I am tempted to wrap up 2011 with some sort of epic jeremiad in which I dismiss the preceding twelve months as the year in which all hope was lost, and acknowledge that the 2012-dead-enders might be on to something. But I can’t write a better version of that than Mr. Kernohan already has… So I find myself in the unlikely position of poking through the embers in search of light and warmth.
And if I am wholly honest, this year-old Abject space is very much a product of 2011… While it is safe to say that this blog did absolutely nothing to make the world a better place, it did provide me with a space to get my hands into the gears of webwork again, to spew verbiage as I see fit. The readership here is miniscule, but if I had to draw up a select list of people whose work is most important to me, the ones I most want to interact with for inspiration and for laughs… well, I pretty much have that here. So if you have spun by this little lovenest of ed tech subversion for whatever reason, and especially if you ever cared to toss off a comment or a link, I truly appreciate it.
My bit of year-end good cheer is drawn from someone who has been in this field doing great work ever since I got here, Sebastien Paquet, who a few weeks back Tweeted:
The slight shift to “DIO” from “DIY” is obvious enough, and if I think about all the fun and all I learned this past year through, say, DS106, it’s equally obvious I didn’t do any of it myself. I can’t do anything by myself… but maybe I can help kick out the jams, because WE ROCK:
Onward to a loud and rowdy 2012 my friends. Nobody’s gonna do it for us, we’ll have to do it ourselves. Mess with the bull, you get the horns.
Watching that cute pre-picture cat reminded me of when we lived in Hermosillo, Mexico in the late 90′s. We went to a lot of movies because they were fairly cheap and air-conditioned. The films often sucked, but I always loved the cute pre-picture cats that sang a song about the importance of not talking during movies, reminding us to turn off our cel phones. I can’t find the exact clip they played, but this more recent production starring “Front Row Joe” (el gato Joe) is a less charming example.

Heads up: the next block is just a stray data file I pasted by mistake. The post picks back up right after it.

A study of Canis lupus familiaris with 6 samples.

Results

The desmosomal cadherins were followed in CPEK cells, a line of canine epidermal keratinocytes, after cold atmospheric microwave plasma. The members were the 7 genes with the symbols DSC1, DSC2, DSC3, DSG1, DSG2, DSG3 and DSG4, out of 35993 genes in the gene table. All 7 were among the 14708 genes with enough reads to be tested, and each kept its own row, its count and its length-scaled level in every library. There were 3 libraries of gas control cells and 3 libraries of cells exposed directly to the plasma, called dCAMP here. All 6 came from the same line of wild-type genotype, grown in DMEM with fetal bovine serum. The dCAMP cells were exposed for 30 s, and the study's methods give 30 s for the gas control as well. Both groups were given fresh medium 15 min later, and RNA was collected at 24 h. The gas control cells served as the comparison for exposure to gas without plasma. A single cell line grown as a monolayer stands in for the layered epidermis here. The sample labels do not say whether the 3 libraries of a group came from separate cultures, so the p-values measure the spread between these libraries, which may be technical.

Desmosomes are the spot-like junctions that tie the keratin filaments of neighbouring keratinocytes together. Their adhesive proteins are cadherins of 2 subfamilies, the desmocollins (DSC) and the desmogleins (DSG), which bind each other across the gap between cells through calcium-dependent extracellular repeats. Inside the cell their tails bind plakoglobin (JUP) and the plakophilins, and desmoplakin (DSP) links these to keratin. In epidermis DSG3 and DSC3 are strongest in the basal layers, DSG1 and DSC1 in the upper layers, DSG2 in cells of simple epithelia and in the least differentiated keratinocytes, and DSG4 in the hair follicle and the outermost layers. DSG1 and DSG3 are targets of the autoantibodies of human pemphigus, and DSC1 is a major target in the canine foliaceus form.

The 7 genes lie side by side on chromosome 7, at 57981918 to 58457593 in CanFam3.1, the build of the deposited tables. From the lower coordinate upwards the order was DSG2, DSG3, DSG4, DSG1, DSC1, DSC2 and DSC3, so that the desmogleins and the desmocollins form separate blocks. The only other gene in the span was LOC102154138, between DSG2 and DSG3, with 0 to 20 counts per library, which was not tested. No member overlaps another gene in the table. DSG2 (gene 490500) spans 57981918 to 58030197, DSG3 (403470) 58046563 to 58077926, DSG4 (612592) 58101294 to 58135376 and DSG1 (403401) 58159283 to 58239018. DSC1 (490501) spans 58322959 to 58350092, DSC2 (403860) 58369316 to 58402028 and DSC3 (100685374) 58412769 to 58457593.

Thinking back to those cinema trips I remembered another pre-movie short they would always play. The explicit message is “vive sin drogas” (live without drugs), but the trippy visuals and hypnotic aesthetic undercut that ostensible moral:
Marty Krofft has neither admitted nor hinted in occasional interviews that the references were made knowingly; in one case, a writer reported that when pressed as to the connotation of “lids” in the title Lidsville, “Well, maybe we just had a good sense of humor,” Krofft said, laughing. His comments to another interviewer were more direct; in a Times Union profile whose author observed, “Watching the shows today, it’s hard to imagine a show with more wink-and-nod allusions to pot culture, short of something featuring characters named Spliffy and Bong-O,” Krofft conceded that the show’s title had been an intentional marijuana reference, as had Lidsville, but “that was just a prank to see if they could get them past clueless NBC executives”.